The global health situation brought about by COVID-19 has forced businesses to install telecommuting policies almost overnight. Business and human resource leaders had to ensure the right business continuity measures, safeguarding, and the well-being of employees was quickly in place for those having to work from their homes. As employees are beginning to adapt to this new now and new way of working, companies must revisit their policies and strategies to support their workforce, especially in industries where working from home was not an option to begin with.
Working from home is nothing new. Many businesses—especially tech companies—have been implementing remote working options for years. But it is only recently that working from home has grown even more popular. With an upward trajectory, remote working was expected to gradually become the rule, rather than the exception. However, COVID-19 condensed the timeline and has pushed organizations to swiftly reassess the role of physical offices in how work is done. Alongside this change is an emerging multi-generational workforce comprised of Boomers, Gen X, Y, and Z.
According to ADB's Asian Economic Integration Report for 2019/2020, Southeast Asia's workforce is expected to increase between 2020 to 2050. For instance, as more young people reach working age, Malaysia's workforce will increase by almost 20 percent. Likewise, age groups in the working population will become more diversified. By the year 2050, Singapore will have a larger share of workers aged 55 and above. With this environment, organizations must take an in-depth look at how the changing workplace can have an impact on people, productivity and to the business as a whole.
The challenge of fostering interpersonal relationships online
Shifting from office life to working from home has allowed a multitude of businesses to survive during a time of economic uncertainty and health risks. However, interpersonal relationships may be harder to manage online than by the water cooler. Employees who are not used to working completely via phone, video chat or email may miss face-to-face office interaction. For some employees under the Gen Z and Millennial age groups, this may not be new to them, but the situation may prove to be challenging for the older age cohorts.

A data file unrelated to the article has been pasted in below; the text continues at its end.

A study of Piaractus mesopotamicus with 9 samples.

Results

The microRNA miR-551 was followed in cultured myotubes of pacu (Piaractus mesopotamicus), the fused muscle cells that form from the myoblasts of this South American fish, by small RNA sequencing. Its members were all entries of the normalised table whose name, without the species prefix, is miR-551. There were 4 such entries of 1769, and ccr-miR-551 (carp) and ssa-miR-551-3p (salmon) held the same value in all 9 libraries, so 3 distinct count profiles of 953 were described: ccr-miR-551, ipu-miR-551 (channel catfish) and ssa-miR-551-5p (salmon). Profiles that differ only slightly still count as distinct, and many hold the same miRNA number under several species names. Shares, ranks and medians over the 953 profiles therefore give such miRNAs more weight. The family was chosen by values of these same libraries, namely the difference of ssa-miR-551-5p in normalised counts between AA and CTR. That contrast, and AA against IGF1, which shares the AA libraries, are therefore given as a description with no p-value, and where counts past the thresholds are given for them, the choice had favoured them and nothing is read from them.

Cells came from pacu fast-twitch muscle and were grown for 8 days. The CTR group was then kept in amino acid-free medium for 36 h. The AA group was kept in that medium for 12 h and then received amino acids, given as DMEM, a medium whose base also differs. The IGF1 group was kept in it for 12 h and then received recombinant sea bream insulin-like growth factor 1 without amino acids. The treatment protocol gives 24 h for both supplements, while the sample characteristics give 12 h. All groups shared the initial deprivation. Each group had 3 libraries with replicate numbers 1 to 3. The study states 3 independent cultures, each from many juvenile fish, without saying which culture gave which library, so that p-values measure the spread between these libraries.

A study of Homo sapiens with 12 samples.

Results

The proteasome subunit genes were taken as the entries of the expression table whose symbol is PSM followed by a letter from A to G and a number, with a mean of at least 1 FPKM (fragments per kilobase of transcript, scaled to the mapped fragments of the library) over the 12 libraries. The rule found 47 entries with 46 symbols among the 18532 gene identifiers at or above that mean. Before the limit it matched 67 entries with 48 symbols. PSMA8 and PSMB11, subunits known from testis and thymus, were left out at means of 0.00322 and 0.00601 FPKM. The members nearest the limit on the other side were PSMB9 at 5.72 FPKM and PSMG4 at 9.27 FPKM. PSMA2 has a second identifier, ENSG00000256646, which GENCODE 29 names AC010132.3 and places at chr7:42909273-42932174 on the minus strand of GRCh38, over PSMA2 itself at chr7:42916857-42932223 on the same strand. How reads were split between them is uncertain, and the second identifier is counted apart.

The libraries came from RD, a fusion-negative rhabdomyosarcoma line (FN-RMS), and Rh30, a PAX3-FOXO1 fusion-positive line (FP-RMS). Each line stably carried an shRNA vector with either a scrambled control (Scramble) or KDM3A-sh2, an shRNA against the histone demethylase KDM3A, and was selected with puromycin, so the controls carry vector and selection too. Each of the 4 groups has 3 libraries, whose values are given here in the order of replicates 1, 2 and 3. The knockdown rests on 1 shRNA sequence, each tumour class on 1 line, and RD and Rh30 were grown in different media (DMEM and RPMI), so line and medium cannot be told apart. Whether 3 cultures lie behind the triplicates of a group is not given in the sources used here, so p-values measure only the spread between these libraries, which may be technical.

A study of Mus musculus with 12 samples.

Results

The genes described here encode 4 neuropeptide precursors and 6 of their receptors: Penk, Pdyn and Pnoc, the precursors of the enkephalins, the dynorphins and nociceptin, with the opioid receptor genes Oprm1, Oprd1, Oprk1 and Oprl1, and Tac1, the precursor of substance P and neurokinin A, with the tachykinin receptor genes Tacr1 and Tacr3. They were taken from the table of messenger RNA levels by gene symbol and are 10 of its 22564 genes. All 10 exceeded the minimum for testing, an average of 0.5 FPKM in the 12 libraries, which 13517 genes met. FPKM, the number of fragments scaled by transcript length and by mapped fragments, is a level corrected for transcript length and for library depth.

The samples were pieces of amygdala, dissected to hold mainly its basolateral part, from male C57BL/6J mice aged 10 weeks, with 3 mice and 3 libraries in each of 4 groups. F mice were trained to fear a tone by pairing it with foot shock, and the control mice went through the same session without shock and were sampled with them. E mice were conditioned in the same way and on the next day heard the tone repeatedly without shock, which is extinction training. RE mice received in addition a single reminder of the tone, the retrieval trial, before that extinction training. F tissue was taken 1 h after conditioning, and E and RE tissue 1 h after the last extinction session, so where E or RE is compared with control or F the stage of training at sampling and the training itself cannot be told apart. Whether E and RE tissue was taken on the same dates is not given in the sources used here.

Baby Boomers and Gen Xers watched the workplace change around them for years, while many Millennials entered the workplace during a recession. They are all used to working through tough periods of change and know how to adapt to the "new now."
The mass exodus from the corporate office to the home office is an opportunity for all generations to learn from each other and leverage the strengths of each generation to grow and transform the modern workplace.
Boomers Bring Experience and People Skills
Boomers have seen the work landscape evolve and learn how to work through multiple recessions and constantly evolving technology. They bring a significant amount of experience to the table, and they know how to manage people and business relationships. With lessons and experiences learned and honed over time, Boomers can guide the younger generations through mentorship.
Gen X Navigates Economic and Technological Change
Statistically, Gen Xers tend to be loyal to their companies and therefore carry institutional knowledge. They see the value of technology and can navigate the digital workspace with confidence. Along with Boomers, Gen Xers bring people skills and traditional leadership honed throughout their careers. They can serve as a bridge between the younger Millennials and Gen Zers to the Boomers.
Millennials Push for Use of Tech in the Workplace
Millennials learned the value of technology as older kids and teens when the internet and smart phones first became widely used. With more exposure to technology, they drive the use of collaboration tools that make working with a remote team easier. With many entering the workforce during the 2008 recession, Millennials have had to learn to be resourceful enough to find new opportunities both for themselves and the businesses they work in.
Gen Z is the Technological Multi-Tasker, Eager to Grow
Gen Z is the newest generation to enter the workforce and has a natural affinity with technology and consider it as a natural extension of themselves. They are expert multi-taskers and naturally navigate multiple apps and communication tools. Companies needing to operate “lean and mean” through unexpected disruptions can lean into the ability of this age group to wear many hats.
Multi-generational collaboration in the workplace of the future
Each generation faces different challenges when it comes to working from home. Gen Zers may fight for elbow room alongside family or housemates. Millennials and Gen Xers may balance work with caring for young children at home. Boomers, while most likely to have dedicated office space, could have less digital experience. As more organizations embrace remote work setup, steps to build a collaborative culture should be more intentional.
The merging of generational experiences amidst this global shift in working practices can help create stronger team bonds, now and in the future. New skills can be acquired and learned through collaboration, and this is the perfect way to ensure the workplace of the future is full of close-knit teams leading a cultural change.
Each generation brings something new to the table, and they are already proving that the benefits of a blended team remain, even when working remotely.
Recognizing each individual’s strengths and value to the team—regardless whether in person or over the internet—is the best way forward to build a strong working culture.